The International Workshop for Future Linear Colliders, which is attended by researchers from around the world, was held starting on October 23rd in Strasbourg, France. The Tohoku ILC Promotion Council, which is working to bring about the International Linear Collider in the Kitakami mountains of Iwate Prefecture, was there to show off how passionate the region of Tohoku is for the ILC project. The director of the council’s own Tohoku ILC Preparation Office, Atsuto Suzuki (also president of Iwate Prefectural University and former director-general of KEK), was also there to report on what Tohoku is doing to prepare for the ILC.
The Council also sent a group of its members, including joint representative Hiroaki Takahashi, to publicize the region. The Iwate Prefectural government also sent more staff aside from President Suzuki, including Senior Executive Director (in charge of ILC matters), Hisashi Odaira. Director Suzuki is slated to give a speech on the 27th, the last day of the conference, on the activities of the ILC Preparation Office. He will talk about their policies to secure electricity and water in the Kitakami mountain region, the selection of the most suitable places for access tunnels, and other matters regarding what the region is doing to prepare for the project.
Mr. Takahashi talked about the region’s desire for the ILC at the Industrial Session on the 25th, and two companies from Miyagi Prefecture and Tokyo introduced technology they had that could be used in building parts for the ILC. There was also a booth set up to introduce both the ILC and Tohoku, and staff worked to network with attending researchers.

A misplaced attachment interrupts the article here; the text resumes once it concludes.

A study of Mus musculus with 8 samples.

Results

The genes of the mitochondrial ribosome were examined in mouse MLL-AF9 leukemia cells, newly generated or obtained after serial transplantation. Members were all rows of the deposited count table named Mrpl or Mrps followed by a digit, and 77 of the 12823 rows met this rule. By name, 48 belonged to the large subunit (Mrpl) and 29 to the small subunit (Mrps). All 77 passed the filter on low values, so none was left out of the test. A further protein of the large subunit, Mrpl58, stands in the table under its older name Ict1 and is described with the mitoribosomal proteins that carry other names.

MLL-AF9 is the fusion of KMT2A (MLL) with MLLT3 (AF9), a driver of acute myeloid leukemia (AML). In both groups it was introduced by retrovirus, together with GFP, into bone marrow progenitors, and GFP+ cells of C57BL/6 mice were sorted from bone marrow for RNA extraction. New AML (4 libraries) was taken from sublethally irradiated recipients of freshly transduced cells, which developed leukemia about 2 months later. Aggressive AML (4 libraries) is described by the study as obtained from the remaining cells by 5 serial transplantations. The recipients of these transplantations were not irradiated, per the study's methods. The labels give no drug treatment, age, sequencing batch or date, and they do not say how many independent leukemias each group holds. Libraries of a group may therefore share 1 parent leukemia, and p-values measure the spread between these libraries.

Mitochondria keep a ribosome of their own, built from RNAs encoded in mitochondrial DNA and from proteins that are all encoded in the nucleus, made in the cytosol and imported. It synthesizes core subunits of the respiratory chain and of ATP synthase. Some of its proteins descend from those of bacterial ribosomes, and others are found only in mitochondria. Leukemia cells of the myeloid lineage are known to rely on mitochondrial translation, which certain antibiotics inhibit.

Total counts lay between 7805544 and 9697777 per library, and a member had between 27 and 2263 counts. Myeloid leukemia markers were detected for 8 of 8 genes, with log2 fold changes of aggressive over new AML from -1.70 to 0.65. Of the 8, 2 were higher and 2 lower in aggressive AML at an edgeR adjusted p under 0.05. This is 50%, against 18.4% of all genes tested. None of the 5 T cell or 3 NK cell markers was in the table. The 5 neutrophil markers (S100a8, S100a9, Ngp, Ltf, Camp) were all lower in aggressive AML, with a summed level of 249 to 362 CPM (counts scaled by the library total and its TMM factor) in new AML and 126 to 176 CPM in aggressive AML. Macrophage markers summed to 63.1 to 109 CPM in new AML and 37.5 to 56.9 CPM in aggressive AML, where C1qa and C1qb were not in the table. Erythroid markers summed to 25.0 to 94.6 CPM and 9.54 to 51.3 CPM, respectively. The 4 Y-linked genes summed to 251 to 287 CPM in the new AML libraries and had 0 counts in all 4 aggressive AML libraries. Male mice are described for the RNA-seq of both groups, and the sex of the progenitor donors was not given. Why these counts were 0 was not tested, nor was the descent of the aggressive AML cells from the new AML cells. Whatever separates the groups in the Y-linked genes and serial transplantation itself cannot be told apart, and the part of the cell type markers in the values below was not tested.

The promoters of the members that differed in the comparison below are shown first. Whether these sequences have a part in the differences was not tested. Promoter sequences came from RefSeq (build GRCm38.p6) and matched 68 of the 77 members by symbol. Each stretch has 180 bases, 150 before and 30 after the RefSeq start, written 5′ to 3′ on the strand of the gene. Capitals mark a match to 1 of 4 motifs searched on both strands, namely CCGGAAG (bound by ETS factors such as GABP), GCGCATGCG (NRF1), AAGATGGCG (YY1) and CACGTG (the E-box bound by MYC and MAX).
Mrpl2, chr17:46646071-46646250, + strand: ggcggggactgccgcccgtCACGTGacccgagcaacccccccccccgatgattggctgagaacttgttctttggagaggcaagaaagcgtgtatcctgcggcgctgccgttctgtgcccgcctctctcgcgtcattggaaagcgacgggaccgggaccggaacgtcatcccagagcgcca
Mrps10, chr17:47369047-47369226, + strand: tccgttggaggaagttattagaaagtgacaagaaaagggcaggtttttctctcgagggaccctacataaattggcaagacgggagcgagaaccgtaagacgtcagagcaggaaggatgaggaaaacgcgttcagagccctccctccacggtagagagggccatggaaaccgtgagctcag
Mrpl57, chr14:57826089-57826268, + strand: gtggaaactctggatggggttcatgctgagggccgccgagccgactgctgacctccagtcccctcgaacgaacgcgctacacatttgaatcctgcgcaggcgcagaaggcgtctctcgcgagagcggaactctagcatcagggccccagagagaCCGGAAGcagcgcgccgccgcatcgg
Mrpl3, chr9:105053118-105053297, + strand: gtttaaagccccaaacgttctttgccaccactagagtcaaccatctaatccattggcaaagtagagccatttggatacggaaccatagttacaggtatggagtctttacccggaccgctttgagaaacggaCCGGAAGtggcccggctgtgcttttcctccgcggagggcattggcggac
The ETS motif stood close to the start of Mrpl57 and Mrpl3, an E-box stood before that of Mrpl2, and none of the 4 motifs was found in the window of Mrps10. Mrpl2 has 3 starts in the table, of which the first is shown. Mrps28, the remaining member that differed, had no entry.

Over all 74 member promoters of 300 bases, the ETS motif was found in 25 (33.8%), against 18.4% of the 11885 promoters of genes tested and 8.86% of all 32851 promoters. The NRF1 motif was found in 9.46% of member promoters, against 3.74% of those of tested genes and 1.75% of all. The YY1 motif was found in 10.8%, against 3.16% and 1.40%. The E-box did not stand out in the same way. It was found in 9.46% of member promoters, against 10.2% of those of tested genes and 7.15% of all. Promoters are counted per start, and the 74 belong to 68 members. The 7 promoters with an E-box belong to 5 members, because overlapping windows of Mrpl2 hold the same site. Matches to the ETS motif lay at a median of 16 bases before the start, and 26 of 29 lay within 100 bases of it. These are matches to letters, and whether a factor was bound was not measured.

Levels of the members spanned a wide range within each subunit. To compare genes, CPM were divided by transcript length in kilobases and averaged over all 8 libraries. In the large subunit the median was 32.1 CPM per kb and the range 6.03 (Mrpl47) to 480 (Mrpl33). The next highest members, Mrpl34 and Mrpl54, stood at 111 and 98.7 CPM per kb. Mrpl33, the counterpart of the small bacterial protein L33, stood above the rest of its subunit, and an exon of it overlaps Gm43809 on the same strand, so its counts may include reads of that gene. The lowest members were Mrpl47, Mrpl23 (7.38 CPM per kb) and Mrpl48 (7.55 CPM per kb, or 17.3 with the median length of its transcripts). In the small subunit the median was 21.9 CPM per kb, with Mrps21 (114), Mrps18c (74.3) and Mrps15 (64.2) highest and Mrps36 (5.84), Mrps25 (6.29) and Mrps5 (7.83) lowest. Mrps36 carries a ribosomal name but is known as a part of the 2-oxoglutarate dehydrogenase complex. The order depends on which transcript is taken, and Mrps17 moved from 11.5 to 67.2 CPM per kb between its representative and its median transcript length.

The ILC would be a 31km long linear collider built in a tunnel underground, and construction costs for the facility alone (including labor) would surpass 1 trillion yen. Operating costs would climb to around 49 billion yen per year, so the issue remains whether Japan, the US, and Europe can work together to share the costs. The International Committee for Future Accelerators is working to greatly reduce costs by reducing the initial length of the ILC to 20 kilometers, and to lengthen the accelerator in stages.
President Suzuki stressed that, “We in the local region around the ILC site are preparing so that when the Japanese government gives the go sign, we can move quickly towards construction. I will tell the national government to decide as quickly as they can.”
The LCWS is a conference for researchers from around the world to discuss the ILC and other linear accelerators, and related technology. Around 300 people will attend LCWS2017, and there will be workshops on ILC staging and ways to improve the efficiency of the accelerator devices. It is held on a rotating basis in Asia, Europe, and North America, and it was held in Morioka City, the capital of Iwate, in December of last year.